Valuing Support Workers
21 February 2020
Background: The population of persons over 65 is growing exponentially correlating with a need for a sustainable workforce in aged care with support workers playing a crucial role. The New Zealand government is setting policies that drive organisations to improve the well-being of its workers and those they care for. There is pressure on agencies and managers to provide person-centred care within a market driven time constrained environment. Recruitment and retention of support workers has been identified as a major issue in the aged care workforce. This study was part of a wider research project with staff and students from the Schools of Physiotherapy at Otago University, Occupational Therapy at Otago Polytechnic, and Management at Otago University, collaborating in a series of qualitative studies to investigate how support workers feel valued and what capabilities they have in delivering person-centred care. The premise for this research was that identifying what promotes the support workers to feel valued and therefore enhance their well-being will in turn facilitate retainment and recruitment of this workforce.
Method: This study used descriptive qualitative inquiry and 12 participants were interviewed. Data analysis was carried out using Virginia Braun and Victoria Clarke’s (2006) six stages of thematic analysis to identify the main themes of the research.
Findings: Three key themes emerged in relation to support workers experience of feeling valued: relationships, peer support and communication methods. Support workers valued their relationships with clients and their families, which was a major influencing factor in remaining in their current employment situation. Support workers valued the role they performed and having peers to support each other. However, they felt undervalued by management, agencies they worked for and society in general. Changing communication methods has meant that support workers no longer feel heard and ineffective communication has led to feelings of isolation and powerlessness. They revealed an array of capabilities that aid person-centred care: emotional intelligence, social skills, and conflict management. However, these were predominately achieved outside the care plan. Building capability through training was valued by support workers as was regular appraisals to give feed back on performance.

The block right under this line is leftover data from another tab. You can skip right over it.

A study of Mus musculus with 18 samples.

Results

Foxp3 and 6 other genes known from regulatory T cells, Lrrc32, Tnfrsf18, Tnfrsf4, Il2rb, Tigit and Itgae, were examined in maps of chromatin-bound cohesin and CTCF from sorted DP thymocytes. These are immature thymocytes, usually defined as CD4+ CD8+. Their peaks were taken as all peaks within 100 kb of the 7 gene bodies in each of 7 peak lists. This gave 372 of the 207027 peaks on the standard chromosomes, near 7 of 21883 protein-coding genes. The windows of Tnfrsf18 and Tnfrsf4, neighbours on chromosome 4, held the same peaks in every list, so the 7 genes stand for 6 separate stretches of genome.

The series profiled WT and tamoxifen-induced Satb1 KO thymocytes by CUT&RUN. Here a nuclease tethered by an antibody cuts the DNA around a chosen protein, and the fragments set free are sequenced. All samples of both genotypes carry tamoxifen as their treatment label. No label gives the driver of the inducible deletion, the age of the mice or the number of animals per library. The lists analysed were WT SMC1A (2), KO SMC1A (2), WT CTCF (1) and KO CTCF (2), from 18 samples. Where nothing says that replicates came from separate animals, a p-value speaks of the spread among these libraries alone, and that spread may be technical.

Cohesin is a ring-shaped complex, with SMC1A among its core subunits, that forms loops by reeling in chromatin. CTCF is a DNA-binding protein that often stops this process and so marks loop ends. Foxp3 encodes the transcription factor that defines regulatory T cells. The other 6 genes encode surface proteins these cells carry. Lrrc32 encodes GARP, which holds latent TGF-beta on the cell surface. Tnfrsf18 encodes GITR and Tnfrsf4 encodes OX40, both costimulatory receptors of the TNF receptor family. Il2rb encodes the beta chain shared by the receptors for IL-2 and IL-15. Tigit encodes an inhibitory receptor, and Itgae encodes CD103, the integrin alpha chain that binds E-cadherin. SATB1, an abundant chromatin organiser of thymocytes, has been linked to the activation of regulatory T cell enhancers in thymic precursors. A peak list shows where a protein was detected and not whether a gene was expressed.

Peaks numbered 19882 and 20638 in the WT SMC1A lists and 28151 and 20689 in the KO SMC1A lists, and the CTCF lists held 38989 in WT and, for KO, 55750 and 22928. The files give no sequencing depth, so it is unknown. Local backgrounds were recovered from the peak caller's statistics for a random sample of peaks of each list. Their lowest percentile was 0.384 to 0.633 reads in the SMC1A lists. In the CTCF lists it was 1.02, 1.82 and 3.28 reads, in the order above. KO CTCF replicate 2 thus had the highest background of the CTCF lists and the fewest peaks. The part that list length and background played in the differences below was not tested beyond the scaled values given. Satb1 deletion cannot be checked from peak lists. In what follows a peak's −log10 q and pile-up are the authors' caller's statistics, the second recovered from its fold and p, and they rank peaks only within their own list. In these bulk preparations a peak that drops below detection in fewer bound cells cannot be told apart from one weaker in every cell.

Conclusion: Support workers deliver person-centred care for older people in the community and in aged care facilities. However, the quality of this care is largely due to their individual attributes: valuing older people, their role, and the relationships they form, rather than from the directives of the agency. Agency systems of client care planning, time allocation, communication and staff support have posed significant barriers rather than enabled support workers to be client centred. Information from this project indicates that support workers require more effective communication methods to enable positive feedback for themselves and their clients. It is proposed that regulation of this workforce, including equipping them with a scope of practice and a code of conduct, would provide a voice, a sense of belonging to a group and role clarification for support workers. Importantly, it would also provide clarification for the agencies which employ them, managers and others in the caring workforce.
Michelle Holland's research was supervised by Linda Robertson.
This thesis is available in the Public Domain.